Two Supreme Court judgments, 47 years apart, on cattle slaughter bans differ on whether beef is a “poor man’s food” even as Maharashtra’s total ban on cattle slaughter raises questions about a State’s authority to decide its citizens’ dietary habits.
In 1958, the Supreme Court held that “there is no getting away from the fact that beef or buffalo meat is an item of food for a large section of the people in India.”
But in 2005, the Supreme Court over-rode that and said the 1958 verdict only reflected “India’s panic” due to food scarcity of that era. The court said now the “real problem facing India is not availability of protein-rich diet, but unequal distribution.”
In 1958, a five-judge Bench led by then Chief Justice of India S.R. Das was deciding the constitutionality of cattle slaughter ban laws in Bihar, Uttar Pradesh and Madhya Pradesh.
Chief Justice Das, who authored the judgment for the Bench, held that cattle, except cows of all ages and calves of both cows and buffaloes, not capable of milch or draught can be slaughtered. The court classified such cattle as “useless.”
In fact, the apex court found that keeping “useless cattle” alive would be a “wasteful drain” on the nation’s cattle feed. If slaughtered, they would feed the poor.
Chief Justice Das termed beef as the common man’s diet.
“The comparatively low prices of beef and buffalo flesh, which are nearly half that of mutton or goats’ flesh, is the main reason for their demand,” the Bench held.
“Poorer people, therefore, who can hardly afford fruit or milk or ghee are likely to suffer from malnutrition if they are deprived of even one slice of beef or buffalo flesh which may sometimes be within their reach,” the apex court held in 1958.
Four decades later, the apex court reversed its stand in 2005. This time, it upheld Gujarat’s total ban on cattle slaughter, regardless of whether the bovine is useless or useful.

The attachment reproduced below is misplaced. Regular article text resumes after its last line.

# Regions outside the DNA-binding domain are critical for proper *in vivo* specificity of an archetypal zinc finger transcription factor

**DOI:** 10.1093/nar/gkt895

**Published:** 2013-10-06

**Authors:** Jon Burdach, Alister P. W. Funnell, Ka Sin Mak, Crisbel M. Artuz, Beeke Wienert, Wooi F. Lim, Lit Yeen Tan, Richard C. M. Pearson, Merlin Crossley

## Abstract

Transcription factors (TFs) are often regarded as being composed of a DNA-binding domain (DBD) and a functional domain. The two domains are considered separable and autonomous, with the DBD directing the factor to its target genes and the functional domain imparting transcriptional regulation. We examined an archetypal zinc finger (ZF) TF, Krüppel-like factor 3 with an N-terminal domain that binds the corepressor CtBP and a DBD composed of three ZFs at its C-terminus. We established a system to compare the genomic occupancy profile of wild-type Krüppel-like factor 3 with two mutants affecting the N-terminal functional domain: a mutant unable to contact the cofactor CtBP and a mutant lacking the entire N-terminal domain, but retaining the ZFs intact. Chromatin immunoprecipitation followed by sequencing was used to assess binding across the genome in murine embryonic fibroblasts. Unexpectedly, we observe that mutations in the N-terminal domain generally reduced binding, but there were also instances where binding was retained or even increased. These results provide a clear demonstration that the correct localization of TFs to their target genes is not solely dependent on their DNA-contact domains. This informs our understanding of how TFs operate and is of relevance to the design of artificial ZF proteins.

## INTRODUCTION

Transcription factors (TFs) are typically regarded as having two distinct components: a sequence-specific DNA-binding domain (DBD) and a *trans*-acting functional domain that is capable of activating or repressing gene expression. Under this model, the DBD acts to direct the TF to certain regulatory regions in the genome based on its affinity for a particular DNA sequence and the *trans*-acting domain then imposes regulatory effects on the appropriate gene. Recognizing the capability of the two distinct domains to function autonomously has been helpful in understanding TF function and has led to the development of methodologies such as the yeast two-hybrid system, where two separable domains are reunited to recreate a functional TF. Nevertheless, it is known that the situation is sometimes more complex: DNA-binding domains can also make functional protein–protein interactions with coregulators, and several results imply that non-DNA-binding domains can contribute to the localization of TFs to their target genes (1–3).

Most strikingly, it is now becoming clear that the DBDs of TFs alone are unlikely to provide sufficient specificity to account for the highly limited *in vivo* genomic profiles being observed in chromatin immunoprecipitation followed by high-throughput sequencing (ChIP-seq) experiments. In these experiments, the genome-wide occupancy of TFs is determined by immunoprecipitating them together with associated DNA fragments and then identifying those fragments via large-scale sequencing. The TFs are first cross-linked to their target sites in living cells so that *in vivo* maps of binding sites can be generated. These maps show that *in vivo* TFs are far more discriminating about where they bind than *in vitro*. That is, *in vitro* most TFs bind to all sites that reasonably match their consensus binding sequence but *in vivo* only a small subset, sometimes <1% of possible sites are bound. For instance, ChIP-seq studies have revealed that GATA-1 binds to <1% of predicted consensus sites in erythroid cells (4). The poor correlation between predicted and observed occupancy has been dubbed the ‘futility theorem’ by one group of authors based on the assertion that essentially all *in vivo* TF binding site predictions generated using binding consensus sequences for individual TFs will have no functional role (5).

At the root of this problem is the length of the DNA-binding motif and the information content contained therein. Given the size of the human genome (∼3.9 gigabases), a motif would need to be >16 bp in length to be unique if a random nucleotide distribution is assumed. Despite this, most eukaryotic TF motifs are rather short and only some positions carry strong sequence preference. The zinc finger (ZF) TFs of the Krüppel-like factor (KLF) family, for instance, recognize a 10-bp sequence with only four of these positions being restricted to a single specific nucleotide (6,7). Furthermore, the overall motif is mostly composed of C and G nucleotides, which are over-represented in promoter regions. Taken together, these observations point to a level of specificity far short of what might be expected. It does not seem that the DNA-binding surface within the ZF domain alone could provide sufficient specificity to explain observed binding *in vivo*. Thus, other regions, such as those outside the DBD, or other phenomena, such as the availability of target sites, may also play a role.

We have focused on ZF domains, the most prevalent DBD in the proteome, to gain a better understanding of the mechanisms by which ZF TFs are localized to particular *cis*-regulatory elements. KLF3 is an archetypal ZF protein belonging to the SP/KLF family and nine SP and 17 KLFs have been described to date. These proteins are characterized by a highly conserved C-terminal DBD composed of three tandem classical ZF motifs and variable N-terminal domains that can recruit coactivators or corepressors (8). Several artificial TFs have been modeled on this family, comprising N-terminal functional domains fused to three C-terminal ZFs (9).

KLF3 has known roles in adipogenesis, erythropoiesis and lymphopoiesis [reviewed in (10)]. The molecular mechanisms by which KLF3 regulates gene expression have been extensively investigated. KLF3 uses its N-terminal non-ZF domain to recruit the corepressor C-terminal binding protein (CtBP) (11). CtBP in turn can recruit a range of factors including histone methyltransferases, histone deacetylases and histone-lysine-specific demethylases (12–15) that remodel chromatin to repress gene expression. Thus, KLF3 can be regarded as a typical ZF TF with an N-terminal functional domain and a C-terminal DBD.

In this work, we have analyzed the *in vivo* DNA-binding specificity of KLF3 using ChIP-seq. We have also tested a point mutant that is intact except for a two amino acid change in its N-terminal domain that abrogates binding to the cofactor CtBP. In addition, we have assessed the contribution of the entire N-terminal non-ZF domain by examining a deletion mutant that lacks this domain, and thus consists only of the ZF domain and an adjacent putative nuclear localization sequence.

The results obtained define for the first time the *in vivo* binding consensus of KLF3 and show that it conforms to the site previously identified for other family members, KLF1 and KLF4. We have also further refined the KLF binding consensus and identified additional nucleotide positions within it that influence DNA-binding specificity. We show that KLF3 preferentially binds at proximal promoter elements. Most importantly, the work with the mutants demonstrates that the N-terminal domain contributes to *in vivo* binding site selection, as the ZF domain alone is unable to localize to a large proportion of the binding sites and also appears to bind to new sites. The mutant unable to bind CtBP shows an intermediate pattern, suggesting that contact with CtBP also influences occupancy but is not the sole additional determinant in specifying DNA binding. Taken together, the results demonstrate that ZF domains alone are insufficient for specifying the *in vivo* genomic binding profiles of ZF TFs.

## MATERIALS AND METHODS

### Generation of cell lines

Chief Justice of India (retired) R.C. Lahoti, heading a seven-judge Bench wrote the majority opinion for the court. The Bench pooh-poohed the reasoning that beef was the poor man’s protein-rich diet.
“Beef contributes only 1.3 per cent of the total meat consumption pattern of the Indian society,” the court held.
Nutrition is not “necessarily associated with non-vegetarian diet and that too originating from slaughtering cow and its progeny,” Chief Justice Lahoti’s judgment observed.
“The concept of food security has undergone considerable change. Forty-seven years hence, it is futile to think that meat originating from cow progeny can be the only staple food or protein diet for the poor population of the country,” the 2005 verdict observed.
Acknowledging the Gujarat government’s version comparing the dung of a cow to a “Kohinoor diamond”, the Supreme Court disagreed with its 1958 verdict that useless cattle can be slaughtered.
“This is the land of Mahatma Gandhi, Vinobha, Mahaveer, Buddha, Nanak and others. It will be an act of reprehensible ingratitude to condemn cattle in old age as useless and send them to a slaughterhouse. We have to remember... The weak and meek need more protection and compassion,” the apex court observed.